Virus mutation: "People who were healthy are suddenly fighting for their lives"

Hospitals in the UK are working at their limit. A conversation with a British doctor about Covid patients and difficult decisions.

Nurses working in a corridor in an intensive care ward.
Nurses working in a corridor in an intensive care ward.dpa/Ray Tang

Berlin-No other European country has been hard as hit by the coronavirus as Britain. The government says nearly 80,000 people have died of the virus since the pandemic began. The new variant in particular is causing problems for the NHS, the country's healthcare system. After Christmas, the number of ICU patients suffering from Covid-19 rose dramatically, and many hospitals are overstretched. London has declared a "state of emergency". We spoke to an intensive care doctor who works in a small hospital with 300 beds in the south of England. Although his name known to us, he asked to remain anonymous.

What is the situation like at your hospital at the moment?

In the last two weeks, it's been getting dramatically worse and this may be because of the mutation. Just before Christmas, we had less than 20 patients with Covid-19 in our hospital, now there are almost 100. We are a small hospital with an intensive care unit. When I came on duty just after Christmas the number of patients on the intensive care unit had already doubled, with new patients arriving every day. We have had to convert four operating theatres into intensive care units and all the predictions are that the numbers will continue to increase in the next month. I haven't experienced anything like it in 25 years in the NHS.

How old are the patients?

That's what worries me the most. In the first wave in the spring, those who came to the ICUs were mostly 60-70 years old, with many elderly patients dying on the wards. This time our experience is that the patients are younger, and this is reflected in the national data with more younger patients admitted for intensive care. Now we are getting patients who are around 50 and 60 years old, some are even in their 40s. People who have been previously fit and healthy are suddenly fighting for their lives. That is frightening.  

Is the new mutation more dangerous?

It is definitely more contagious, and it could be that it affects younger people. It does not seem to be that different clinically. My advice is that Germans should not be complacent and despite the many months of restrictions should increase efforts to reduce the spread of the virus as much as possible.  

What is the mood like among your colleagues?

Intensive care doctors are trained to have end of life conversations with relatives. Now it's a daily experience. One of my colleagues recently had to speak to three women in a row to break the bad news that their husbands were likely to die. Many intensive care workers have not yet recovered from the stresses of the first wave in the spring, and now they are under immense pressure again. I think many dedicated colleagues are suffering from emotional burnout. The biggest problem at the moment is the lack of intensive care nursing staff because they or a family member has coronavirus.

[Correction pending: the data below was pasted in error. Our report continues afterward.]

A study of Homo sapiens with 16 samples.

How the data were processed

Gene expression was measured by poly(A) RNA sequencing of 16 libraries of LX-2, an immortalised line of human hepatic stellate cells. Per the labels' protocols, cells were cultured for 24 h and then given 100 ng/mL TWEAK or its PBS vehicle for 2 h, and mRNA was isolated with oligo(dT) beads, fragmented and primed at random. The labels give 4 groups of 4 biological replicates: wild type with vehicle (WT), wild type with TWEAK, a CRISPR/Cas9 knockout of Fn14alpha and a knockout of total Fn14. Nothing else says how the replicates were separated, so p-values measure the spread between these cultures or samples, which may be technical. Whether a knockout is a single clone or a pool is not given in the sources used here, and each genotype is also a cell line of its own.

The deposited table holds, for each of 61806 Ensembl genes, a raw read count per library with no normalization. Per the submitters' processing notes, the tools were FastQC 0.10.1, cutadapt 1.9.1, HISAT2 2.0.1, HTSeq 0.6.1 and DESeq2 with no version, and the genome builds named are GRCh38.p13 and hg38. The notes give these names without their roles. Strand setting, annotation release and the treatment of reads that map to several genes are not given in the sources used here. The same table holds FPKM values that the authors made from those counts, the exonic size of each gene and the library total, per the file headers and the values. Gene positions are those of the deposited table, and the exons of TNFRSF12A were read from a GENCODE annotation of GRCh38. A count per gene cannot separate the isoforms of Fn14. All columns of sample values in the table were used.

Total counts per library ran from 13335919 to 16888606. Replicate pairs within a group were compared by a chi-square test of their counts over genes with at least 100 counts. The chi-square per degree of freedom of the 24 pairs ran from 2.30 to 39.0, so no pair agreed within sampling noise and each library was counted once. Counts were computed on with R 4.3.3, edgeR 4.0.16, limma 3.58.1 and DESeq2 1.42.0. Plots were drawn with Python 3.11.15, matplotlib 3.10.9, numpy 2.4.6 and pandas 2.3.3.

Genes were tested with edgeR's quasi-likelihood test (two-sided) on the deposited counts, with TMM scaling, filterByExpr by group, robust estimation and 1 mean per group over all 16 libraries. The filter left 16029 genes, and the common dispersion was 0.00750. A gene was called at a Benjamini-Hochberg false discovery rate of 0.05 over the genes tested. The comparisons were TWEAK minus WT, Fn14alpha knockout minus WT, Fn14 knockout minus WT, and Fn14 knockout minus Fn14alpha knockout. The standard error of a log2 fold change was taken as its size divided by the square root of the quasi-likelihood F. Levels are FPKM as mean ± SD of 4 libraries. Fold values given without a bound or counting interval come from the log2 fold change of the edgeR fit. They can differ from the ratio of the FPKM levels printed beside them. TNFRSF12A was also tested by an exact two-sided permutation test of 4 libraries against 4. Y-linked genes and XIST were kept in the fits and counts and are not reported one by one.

Are relatives allowed to say goodbye to the dying?

Because of the risk to relatives much of the communication is by telephone, however a close relative is allowed to see their loved one if they are dying.

People keep warning that the NHS might declare a disaster. What does that mean?

It means that our system might be overwhelmed, with too few hospitals or intensive care beds. We are already having to make difficult decisions about who gets to be admitted to the intensive care unit.  

Is there a danger that, in addition to the pandemic, more people will die because they don't dare go to hospital?

Yes, people are afraid to seek medical care at the moment. Patients are presenting with serious conditions such as heart problems or cancers too late. I have experienced patients delaying coming to hospital, which then makes their treatment much more complicated. There is a danger that at our hospital operations for cancer will be delayed, as has already happened elsewhere in the country.

I heard an English doctor saying he felt like he was at war.

Those would not be my words. All our staff are working flat out. Everyone has been surprised by the ferocity of the second wave, we had expected a gradual increase starting two weeks after Christmas. We are also surprised that it seems to be affecting a younger population.  

Did the government respond too slowly?

During the first wave they seemed slow to react. In this second wave I think they have been caught out by the recent mutation in the virus which seems to have increased the R number dramatically.  

Do you dread going to work?

I certainly do not look forward to it at the moment, but I have the training and experience for my role. I do worry about the system becoming completely overwhelmed.

Is there anything that gives you hope?

I was vaccinated last week, and so was my wife who is a nurse. The increased use of three vaccines that have been approved in the UK will hopefully begin to have an effect on the vulnerable groups and healthcare staff. 1.5 million people in the UK have been given a vaccine to date. And I hope for the spring.